Take them down
6/30/2017, 7:32 a.m.
There’s a heaping measure of ridiculousness in Mayor Levar M. Stoney’s appointment of a Monument Avenue Commission to put the statues along the street in context.
We ask Mayor Stoney, the commission and our readers: What context can possibly change the statues’ meaning and message from what was meant when they were erected following a bloody Civil War fought to keep black people in bondage? And what can possibly change their present context as tributes glorifying racist, un-American traitors who chose to break off from the United States of America and start a war of secession rather than acknowledge the freedom and humanity of people of color?
Richmond and the mayor should be ashamed.
No statues of black heroes and freedom fighters in Virginia — such as Nat Turner, Gabriel Prosser, Henry “Box” Brown or Harriet Tubman, who worked after the Civil War as a matron at the Freedman’s Hospital at Fort Monroe in Hampton — can be put up in the shadows of Confederate traitors Robert E. Lee, Stonewall Jackson, J.E.B. Stuart and Matthew Fontaine Maury to make Monument Avenue less offensive to residents and visitors of Richmond.
Simply placing signs, historic markers or additional statues at the feet of the towering racists on horseback would be an affront to the memory and contributions of those who are being used to counterbalance a racist narrative. It would be like trying to put lipstick on a pig. It doesn’t work and it isn’t pretty.
Mayor Stoney, members of Richmond City Council and other elected officials need to grow the political courage and will that others across the country have shown and simply decide to take the statues down.
The Charlottesville City Council took the bold and right-minded action of voting to remove its statues of Lee and Jackson from its city parks. Now, it must face current day Confederates in court who are seeking to block the removal of those they still venerate.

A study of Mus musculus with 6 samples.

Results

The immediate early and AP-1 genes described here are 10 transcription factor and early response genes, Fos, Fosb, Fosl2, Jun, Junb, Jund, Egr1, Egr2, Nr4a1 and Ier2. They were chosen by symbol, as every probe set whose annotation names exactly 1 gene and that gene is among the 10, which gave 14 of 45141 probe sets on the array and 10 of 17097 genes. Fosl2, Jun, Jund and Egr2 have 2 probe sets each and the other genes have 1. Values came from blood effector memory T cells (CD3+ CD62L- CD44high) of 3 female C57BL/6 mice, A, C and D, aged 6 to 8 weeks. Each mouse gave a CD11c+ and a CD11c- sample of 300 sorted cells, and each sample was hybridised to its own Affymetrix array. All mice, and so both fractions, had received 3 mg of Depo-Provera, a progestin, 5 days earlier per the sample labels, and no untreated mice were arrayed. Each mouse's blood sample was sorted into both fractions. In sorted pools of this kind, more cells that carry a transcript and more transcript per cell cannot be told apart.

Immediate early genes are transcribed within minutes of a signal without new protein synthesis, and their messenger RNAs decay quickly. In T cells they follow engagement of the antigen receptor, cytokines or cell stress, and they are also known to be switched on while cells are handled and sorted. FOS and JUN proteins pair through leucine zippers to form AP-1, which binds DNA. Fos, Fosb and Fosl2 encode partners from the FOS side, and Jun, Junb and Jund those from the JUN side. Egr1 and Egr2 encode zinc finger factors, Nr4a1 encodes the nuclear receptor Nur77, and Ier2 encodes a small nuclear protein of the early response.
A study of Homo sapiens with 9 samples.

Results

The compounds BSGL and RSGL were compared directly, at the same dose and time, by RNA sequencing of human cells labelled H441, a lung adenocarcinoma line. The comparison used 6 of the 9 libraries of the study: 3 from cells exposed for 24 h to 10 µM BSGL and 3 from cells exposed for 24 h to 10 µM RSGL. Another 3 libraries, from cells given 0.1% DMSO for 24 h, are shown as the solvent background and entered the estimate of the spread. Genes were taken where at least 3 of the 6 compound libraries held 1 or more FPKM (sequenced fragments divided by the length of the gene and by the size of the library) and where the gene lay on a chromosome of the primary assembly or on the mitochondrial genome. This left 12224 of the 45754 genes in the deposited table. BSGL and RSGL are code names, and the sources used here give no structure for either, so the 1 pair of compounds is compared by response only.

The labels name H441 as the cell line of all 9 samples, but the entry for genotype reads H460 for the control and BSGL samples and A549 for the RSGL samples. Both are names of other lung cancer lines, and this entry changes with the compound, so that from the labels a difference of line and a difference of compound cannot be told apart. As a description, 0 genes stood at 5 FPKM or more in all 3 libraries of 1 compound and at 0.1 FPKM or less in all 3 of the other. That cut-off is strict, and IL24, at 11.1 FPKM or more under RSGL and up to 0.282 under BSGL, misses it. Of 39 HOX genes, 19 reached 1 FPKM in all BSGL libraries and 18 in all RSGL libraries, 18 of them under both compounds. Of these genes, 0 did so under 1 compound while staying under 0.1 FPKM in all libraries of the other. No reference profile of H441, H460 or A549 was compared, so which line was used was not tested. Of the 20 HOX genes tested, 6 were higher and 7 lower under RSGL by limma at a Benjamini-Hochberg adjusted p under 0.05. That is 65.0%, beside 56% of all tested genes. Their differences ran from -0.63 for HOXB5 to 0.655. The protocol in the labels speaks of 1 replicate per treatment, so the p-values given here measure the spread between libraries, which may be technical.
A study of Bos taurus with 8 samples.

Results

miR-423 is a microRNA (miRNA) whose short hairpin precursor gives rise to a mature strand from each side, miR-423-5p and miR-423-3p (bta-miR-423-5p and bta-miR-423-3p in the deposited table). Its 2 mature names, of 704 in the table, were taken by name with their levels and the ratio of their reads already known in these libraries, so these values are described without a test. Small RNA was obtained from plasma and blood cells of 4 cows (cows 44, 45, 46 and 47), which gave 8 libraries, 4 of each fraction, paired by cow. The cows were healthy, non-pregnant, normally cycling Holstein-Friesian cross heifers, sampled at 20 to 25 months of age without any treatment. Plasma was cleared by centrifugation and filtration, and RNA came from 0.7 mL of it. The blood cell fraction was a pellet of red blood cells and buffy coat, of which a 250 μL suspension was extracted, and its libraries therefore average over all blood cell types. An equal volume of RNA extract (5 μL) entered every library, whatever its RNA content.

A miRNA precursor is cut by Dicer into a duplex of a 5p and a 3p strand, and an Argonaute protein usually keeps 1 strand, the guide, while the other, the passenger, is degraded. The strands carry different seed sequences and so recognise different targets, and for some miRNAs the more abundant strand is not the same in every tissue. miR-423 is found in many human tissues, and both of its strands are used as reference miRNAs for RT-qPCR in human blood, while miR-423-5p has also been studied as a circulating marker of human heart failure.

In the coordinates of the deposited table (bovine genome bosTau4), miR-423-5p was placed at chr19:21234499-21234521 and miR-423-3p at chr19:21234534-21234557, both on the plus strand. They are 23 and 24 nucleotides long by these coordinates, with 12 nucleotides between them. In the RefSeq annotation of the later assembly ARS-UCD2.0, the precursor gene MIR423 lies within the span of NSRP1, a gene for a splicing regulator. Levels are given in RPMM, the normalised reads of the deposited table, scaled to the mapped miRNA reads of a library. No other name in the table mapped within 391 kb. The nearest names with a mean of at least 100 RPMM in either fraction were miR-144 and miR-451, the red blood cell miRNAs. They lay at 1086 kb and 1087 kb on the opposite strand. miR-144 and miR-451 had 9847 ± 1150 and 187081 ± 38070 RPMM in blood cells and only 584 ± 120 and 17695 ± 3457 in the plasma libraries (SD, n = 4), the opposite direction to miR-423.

As we know, the Ku Klux Klan is marching in Charlottesville in early July to show support for the statues. Such a demonstration clearly indicates that these statues hold a meaning of white supremacy today for their supporters, many of whom are hooded cowards who despise African-Americans, Jews, Catholics, immigrants and other people of color.
Following the June 2015 massacre of nine African-Americans at Emanuel AME Church in Charleston, S.C., the Southern Poverty Law Center launched an effort to catalog and map Confederate place names and other symbols in public spaces, both in the South and across the nation. The study, while far from comprehensive, identified a total of 1,503 such Confederate symbols. They include:
- 718 monuments and statues, nearly 300 of which are in Georgia, Virginia and North Carolina;
- 109 public schools named for Robert E. Lee, Jefferson Davis or other Confederates;
- 80 counties and cities named for Confederates;
- Nine official Confederate holidays in six states; and
- 10 U.S. military bases named for Confederates.
Since then, at least 60 such publicly funded symbols of the Confederacy have been removed or renamed. New Orleans, St. Louis, Louisville and Baltimore have removed or soon will remove their monuments to the Confederacy.